Fourth Wall Studios creates alternate-reality experiences, producing transmedia interactive content immersing players in storylines spread across computer and mobile devices.
The company is currently three episodes deep in its flagship series Dirty Work, a story about the messed up lives of a crime-scene cleanup crew in Los Angeles. Dirty Work earned Fourth Wall Studios the award for Outstanding Creative Achievement in Interactive Media at the Creative Arts Emmys last month, the first ever award of its kind.
"Our founders come from backgrounds in alternate-reality gaming," Fourth Wall executive producer Jackie Turnure told Polygon at New York Comic Con today. "AR allows you to experience a story viscerally, because you're actually going to answer a payphone or you're getting a package in a mail, you're going online and cracking codes.
"However once they were done, they were over, and if you joined campaigns in the middle you didn't really get the whole experience because you've already missed out on half the story."
"It goes beyond the single screen experience."
"This isn't a mainstream entertainment concept, but there are some cool things about it our small audience did love," she added. "Fourth Wall kept those cool parts and focused on creating an experience that was more repeatable and accessible, and so they came up with Rides. It goes beyond the single screen experience."
Rides is Fourth Wall's in-house browser platform on which they distribute their games, interacting with both computers and mobile phones. Players will receive pieces of the story on their phone through text messages from characters or recorded calls of a characters' inner monologue.
This kind of "story gaming" hasn't been used by many companies, says Fourth Wall's Zach Schiff-Abrams, and some of the major storytellers out there, from authors to directors to game developers, aren't really thinking about how they can spread the experience across multiple media.
"We refer to [Rides] as being ‘interactive' rather than ‘immersive,'" Schiff-Abrams said. "A phonecall is a unique way of experiencing content. We're not just sending video to your phone. We decided to use the phone as a tool to hear people's thoughts, and that's why in phonecalls for Dirty Work you hear characters' thoughts.
"We view the real world as a whole other toolset for augmented reality, not just a canvas," he said.
Turnure says that Rides decides what features they want to incorporate in a show, then after the script is written decide which features to keep. No phone call or email is superfluous.
"We don't email you just because we can," she explained. "Sometimes the phone element is completely different from one project to another. For Dirty Work it's a way to hear internal monologue. For Flare your phone is a hand radio. We look at what the story calls for first before implementing them."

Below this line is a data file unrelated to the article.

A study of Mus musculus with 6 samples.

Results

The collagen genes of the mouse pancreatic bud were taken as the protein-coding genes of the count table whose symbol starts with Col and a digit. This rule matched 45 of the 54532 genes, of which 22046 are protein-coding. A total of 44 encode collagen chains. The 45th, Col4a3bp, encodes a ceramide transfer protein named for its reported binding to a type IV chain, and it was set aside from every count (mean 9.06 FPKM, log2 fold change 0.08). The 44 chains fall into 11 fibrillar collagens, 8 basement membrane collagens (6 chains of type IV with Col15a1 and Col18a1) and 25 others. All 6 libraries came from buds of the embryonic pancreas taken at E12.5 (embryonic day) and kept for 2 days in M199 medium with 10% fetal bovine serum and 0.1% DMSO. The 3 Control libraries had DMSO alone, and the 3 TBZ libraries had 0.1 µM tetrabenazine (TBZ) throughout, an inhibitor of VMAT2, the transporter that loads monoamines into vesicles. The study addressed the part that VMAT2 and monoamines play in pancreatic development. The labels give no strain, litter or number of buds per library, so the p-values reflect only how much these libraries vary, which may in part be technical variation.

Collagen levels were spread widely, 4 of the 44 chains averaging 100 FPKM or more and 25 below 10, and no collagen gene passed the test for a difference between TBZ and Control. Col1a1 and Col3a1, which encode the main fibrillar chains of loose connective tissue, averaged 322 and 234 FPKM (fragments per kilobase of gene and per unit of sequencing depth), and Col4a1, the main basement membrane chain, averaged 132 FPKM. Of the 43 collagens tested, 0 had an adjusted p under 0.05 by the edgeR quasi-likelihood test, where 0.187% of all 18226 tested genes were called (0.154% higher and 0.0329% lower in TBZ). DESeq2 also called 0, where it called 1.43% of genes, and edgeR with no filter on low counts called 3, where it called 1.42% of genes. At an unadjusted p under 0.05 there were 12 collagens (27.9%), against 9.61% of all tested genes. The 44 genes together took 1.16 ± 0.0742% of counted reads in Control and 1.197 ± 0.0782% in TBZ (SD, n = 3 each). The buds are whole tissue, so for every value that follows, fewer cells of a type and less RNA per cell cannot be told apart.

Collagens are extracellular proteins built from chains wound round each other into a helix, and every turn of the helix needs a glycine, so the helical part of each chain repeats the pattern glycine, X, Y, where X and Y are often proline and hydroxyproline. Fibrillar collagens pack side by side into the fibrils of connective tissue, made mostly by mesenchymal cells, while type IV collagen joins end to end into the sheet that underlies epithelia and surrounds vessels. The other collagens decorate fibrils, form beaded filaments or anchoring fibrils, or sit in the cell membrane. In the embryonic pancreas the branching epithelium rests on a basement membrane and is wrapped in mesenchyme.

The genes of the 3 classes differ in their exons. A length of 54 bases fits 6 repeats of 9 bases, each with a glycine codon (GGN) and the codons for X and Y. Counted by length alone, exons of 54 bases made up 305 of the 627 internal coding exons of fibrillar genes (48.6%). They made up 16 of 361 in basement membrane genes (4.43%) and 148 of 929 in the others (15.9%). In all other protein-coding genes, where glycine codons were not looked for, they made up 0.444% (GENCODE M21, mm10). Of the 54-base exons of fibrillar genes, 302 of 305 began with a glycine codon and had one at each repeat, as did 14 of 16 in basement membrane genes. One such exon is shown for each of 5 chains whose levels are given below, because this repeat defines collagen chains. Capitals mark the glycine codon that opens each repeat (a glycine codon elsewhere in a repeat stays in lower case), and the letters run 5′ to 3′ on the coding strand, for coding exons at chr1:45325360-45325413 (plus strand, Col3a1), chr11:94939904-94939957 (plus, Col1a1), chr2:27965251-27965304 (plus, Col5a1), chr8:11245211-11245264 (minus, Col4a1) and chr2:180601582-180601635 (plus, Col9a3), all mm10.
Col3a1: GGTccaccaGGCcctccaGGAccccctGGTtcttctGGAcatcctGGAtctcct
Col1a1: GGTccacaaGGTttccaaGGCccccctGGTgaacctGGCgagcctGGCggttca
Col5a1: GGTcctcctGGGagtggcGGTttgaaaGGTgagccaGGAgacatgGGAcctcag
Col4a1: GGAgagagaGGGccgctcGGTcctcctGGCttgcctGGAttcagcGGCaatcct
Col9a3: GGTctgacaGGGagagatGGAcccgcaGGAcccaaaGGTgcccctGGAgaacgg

Schiff-Abrams believes that entertainment models have not stepped up to the challenge of evolving along with current technology. As hardware advances and smarter programs are developed, Schiff-Abrams thinks mobile phones will be the key to creating effective AR experiences. When cameras can recognize objects for what they are, augmented reality programs can be used to transform them into different things.
"We want to empower the creative community by giving them these tools."
"Once we have the technology that allows a phone to recognize a glass when you point it at a glass, we can develop programs that turn that glass into a dragon, or a hot naked woman, or a hot naked dragon," he said. "That's something we're invested in figuring out and bringing storytelling into that realm."
"We may not be telling the best stories out there, but we want to empower the creative community by giving them these tools, " he added.
"We have been approached," admitted Schiff-Abrams, though he would not say by whom. "We've given it 100 percent thought. But above all the studio is built around supporting our platforms. Dirty Works was created exclusively for the Rides platform. People have approached us about making a television show, and it would be absurd of us to ignore those revenue sources, but we don't begin the stories thinking, ‘Okay, we're making a video game or film.'"
"Everything is made for online," added Turnure. "We'll keep making experiences for Rides but would definitely keep in mind these spin-offs."
Fourth Wall is working to make the experience embeddable, allowing Rides videos and accompanying components to be transferred to other pages as you would a YouTube video. The company is also exploring the option of bringing their stories to the iPad as well as Rides-compatible supplementary apps.